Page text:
Sunday, October 4, 2020 (Proper 22)
Exodus 20:1–4, 7–9, 12–20
Let The words of my mouth and the meditation of my heart be acceptable in your sight. O Lord, my strength, and my redeemer.
David ended his meditation of praise for the law in this week’s Psalm with this humble prayer: “Let the words of my mouth and the meditation of my heart be acceptable in your sight. O Lord, my strength, and my redeemer.”
Margaret always began her sermons with these humble words. A prayer that asked God to bless the preacher, while she humbly stands at the pulpit, reflecting on scripture. For me, this prayer respectfully asks God to vet the accuracy and intention of my words. Jim asked me one time why preaching makes me so nervous. He commented that otherwise I appeared intelligent and confident but seem to tremble when I am preaching. I think about this comment often. I think I am just so in awe of this responsibility.
Often as I am putting together these thoughts, I hear a voice in my head whose judgmental tone is honestly more like Larry David’s than the loving tone of Jesus, “Well, Not really. That’s not exactly what I meant. But ok, whatever. They can probably sort it out” So, you can understand my trepidation.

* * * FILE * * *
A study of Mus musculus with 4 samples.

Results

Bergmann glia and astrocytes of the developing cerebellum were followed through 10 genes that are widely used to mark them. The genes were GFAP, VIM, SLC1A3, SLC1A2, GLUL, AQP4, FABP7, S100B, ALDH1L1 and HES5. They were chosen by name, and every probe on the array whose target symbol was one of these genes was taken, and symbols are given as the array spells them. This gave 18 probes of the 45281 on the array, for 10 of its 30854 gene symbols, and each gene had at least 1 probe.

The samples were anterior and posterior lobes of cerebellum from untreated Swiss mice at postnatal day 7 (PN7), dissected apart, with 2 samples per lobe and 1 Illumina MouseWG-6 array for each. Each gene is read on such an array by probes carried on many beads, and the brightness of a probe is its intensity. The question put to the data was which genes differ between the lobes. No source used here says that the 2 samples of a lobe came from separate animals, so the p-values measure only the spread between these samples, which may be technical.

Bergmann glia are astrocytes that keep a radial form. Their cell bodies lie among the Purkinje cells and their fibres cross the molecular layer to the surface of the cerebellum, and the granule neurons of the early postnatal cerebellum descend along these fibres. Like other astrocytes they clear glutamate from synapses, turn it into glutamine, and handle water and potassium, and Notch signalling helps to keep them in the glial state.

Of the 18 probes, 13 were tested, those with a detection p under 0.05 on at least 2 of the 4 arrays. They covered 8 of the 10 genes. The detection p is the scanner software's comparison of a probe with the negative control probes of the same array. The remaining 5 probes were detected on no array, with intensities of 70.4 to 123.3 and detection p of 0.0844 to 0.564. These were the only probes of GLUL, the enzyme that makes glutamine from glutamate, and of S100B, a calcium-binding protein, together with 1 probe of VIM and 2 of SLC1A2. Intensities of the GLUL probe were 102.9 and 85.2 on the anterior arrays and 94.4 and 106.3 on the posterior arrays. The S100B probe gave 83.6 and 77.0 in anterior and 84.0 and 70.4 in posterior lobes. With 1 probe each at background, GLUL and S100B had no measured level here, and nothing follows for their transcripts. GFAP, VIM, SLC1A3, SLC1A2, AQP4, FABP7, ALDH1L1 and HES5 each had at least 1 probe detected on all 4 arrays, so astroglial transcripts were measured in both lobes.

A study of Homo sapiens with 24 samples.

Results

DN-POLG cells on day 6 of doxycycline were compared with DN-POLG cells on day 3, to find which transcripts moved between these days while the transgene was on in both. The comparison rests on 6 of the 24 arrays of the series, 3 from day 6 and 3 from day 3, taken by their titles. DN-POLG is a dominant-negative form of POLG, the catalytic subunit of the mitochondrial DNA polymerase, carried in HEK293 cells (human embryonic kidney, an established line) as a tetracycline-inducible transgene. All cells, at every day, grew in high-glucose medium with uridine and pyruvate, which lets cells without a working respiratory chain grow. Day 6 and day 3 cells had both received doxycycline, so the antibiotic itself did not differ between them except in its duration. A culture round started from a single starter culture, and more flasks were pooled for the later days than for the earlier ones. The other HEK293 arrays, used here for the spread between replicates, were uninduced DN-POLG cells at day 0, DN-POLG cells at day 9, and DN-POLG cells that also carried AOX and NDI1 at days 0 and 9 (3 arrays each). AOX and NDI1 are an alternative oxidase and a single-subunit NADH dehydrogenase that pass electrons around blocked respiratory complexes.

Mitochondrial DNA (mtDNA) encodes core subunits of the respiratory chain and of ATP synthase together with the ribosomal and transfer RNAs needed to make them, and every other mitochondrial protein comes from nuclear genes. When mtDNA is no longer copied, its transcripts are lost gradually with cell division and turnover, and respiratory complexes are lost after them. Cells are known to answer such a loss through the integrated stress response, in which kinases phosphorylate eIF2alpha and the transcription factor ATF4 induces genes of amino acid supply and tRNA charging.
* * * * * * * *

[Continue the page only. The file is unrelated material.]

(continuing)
Which brings me to Moses. Before Moses was called to lead the Israelites out of Egypt, he was not at all sure this was the right fit for him. He understood and believed in the mission, but he was humble in his honest question of whether he was the best choice to lead. I think at this time in history we can all agree that Arron seemed like the one with the better leadership qualities. But God did choose Moses. And Moses led the people on a 40-year meander through the wilderness, all the way south to the bottom of the Sinai Peninsula.
Now there was a much more direct route. They could have traveled due East out of Egypt to the Promised Land. In fact, it was an established trade route at the time. But no, they wandered south to Mt. Sinai. And this is where God provided some well needed assistance.